Washington has become the first state in the nation to pass a law allowing composting as an alternative to burial or cremation of human remains.
Gov. Jay Inslee signed a bill Tuesday legalizing human composting. The bill will go into effect in May next year.
Right now, if a person dies in Washington, the body can only be cremated or buried, according to the bill’s sponsor, state Sen. Jamie Pedersen. The bill gives people a third option for disposing of human remains: recomposition.
The bill’s sponsor, state Sen. Jamie Pedersen, said it is an environmentally friendly way of disposing of human remains.
“It’s about time we apply some technology, allow some technology, to be applied to this universal human experience both because we think that people should have the freedom to determine for themselves how they’d like their body to be disposed of and also because we have learned over time that there are some more environmentally friendly and safe ways of disposing of human remains,” Pedersen said in February.
How human composting works
Katrina Spade is the CEO of the human composting company, Recompose, and told CNN affiliate KIRO-TV she is hoping her company can be one of the first to build a facility for the practice.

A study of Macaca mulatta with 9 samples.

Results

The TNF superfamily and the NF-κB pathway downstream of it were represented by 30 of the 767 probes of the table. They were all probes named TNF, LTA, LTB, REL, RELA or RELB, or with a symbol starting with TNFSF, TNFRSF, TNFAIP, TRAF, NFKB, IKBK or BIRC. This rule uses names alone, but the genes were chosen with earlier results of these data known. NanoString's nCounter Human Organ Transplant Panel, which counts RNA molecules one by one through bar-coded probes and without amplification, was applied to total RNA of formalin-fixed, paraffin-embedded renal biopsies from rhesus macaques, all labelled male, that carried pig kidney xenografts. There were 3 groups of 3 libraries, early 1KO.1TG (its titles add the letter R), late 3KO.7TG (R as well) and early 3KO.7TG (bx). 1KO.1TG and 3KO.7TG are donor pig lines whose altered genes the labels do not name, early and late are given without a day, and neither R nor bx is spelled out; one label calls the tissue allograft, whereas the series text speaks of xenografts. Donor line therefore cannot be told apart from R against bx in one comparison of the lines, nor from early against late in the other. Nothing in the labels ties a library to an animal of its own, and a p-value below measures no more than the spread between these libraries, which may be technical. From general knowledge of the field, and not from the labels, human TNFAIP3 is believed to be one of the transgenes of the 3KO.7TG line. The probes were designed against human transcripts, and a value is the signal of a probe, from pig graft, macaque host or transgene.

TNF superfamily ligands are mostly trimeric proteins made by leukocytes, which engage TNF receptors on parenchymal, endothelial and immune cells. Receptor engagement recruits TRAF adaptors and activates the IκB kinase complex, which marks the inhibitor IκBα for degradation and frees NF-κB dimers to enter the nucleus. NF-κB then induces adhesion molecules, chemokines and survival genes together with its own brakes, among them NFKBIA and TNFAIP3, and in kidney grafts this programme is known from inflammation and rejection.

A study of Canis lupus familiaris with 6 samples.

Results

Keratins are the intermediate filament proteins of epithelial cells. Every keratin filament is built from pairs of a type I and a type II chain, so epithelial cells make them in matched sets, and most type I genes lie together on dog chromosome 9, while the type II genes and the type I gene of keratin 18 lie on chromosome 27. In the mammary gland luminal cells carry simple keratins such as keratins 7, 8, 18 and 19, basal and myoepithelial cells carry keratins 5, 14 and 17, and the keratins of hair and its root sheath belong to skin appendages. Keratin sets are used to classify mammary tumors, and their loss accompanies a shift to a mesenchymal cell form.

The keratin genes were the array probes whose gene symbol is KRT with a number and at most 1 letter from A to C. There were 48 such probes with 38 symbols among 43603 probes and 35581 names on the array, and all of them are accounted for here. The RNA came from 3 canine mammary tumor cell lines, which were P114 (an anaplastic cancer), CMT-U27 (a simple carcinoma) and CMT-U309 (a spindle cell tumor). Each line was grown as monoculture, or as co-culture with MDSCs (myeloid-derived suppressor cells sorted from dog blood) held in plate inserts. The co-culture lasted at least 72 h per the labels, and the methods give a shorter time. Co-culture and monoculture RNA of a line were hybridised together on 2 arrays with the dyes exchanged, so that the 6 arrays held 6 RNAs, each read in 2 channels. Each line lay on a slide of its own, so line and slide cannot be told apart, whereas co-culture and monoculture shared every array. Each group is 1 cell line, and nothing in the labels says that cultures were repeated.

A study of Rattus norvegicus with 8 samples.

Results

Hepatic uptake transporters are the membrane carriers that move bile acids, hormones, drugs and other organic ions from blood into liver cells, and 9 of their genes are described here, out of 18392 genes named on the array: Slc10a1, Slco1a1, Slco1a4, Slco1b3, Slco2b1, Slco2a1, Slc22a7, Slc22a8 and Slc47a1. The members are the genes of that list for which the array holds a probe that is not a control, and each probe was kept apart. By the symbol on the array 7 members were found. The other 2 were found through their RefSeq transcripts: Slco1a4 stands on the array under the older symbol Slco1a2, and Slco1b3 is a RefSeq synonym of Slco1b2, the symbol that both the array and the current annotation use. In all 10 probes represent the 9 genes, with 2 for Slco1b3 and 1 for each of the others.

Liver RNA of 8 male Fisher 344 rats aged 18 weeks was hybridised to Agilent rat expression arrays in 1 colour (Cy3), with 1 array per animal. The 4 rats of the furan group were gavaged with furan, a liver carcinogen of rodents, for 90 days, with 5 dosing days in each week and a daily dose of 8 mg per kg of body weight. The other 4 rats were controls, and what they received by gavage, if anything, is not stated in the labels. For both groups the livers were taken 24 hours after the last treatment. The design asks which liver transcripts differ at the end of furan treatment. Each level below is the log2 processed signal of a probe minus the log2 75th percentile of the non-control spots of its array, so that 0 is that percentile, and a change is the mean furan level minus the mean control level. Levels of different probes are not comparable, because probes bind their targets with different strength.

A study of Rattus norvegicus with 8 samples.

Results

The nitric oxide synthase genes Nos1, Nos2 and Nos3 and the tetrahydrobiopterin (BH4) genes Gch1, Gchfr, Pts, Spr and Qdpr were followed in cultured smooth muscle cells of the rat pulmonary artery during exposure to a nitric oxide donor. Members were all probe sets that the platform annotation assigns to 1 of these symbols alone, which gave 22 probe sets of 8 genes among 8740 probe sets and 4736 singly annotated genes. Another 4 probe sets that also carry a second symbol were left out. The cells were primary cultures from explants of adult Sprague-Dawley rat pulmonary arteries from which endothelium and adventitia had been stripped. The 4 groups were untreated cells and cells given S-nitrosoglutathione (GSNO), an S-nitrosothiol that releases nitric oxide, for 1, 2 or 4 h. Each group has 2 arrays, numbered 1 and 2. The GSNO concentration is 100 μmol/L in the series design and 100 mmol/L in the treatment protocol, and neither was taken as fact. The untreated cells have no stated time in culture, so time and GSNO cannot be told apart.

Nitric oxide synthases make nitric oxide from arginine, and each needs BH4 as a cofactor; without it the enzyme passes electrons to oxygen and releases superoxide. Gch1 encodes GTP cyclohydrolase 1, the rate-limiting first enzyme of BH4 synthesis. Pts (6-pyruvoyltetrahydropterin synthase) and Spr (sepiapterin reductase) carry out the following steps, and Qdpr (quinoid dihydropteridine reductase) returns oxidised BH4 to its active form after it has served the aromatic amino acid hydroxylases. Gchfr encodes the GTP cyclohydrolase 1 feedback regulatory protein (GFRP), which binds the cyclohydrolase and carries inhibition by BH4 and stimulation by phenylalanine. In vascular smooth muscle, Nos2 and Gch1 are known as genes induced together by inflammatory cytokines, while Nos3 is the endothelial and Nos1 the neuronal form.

“(The) body is covered in natural materials, like straw or wood chips, and over the course of about three to seven weeks, thanks to microbial activity, it breaks down into soil,” she said.
The process was the focus of a new study at Washington State University, according to KIRO, in which six people donated their bodies for research.
“We proved recomposition was indeed safe and effective for humans as well,” Spade said.
The average burial can cost between $8,000 and $25,000. Cremation can top $6,000. Spade told the affiliate she hopes to charge about $5,500 for human composting.
One supporter for human composting, Leslie Christian, told KIRO it’s an attractive from an environmental perspective. She said she told her brother, who reportedly said, “Oh great, you can plant tomatoes in me.”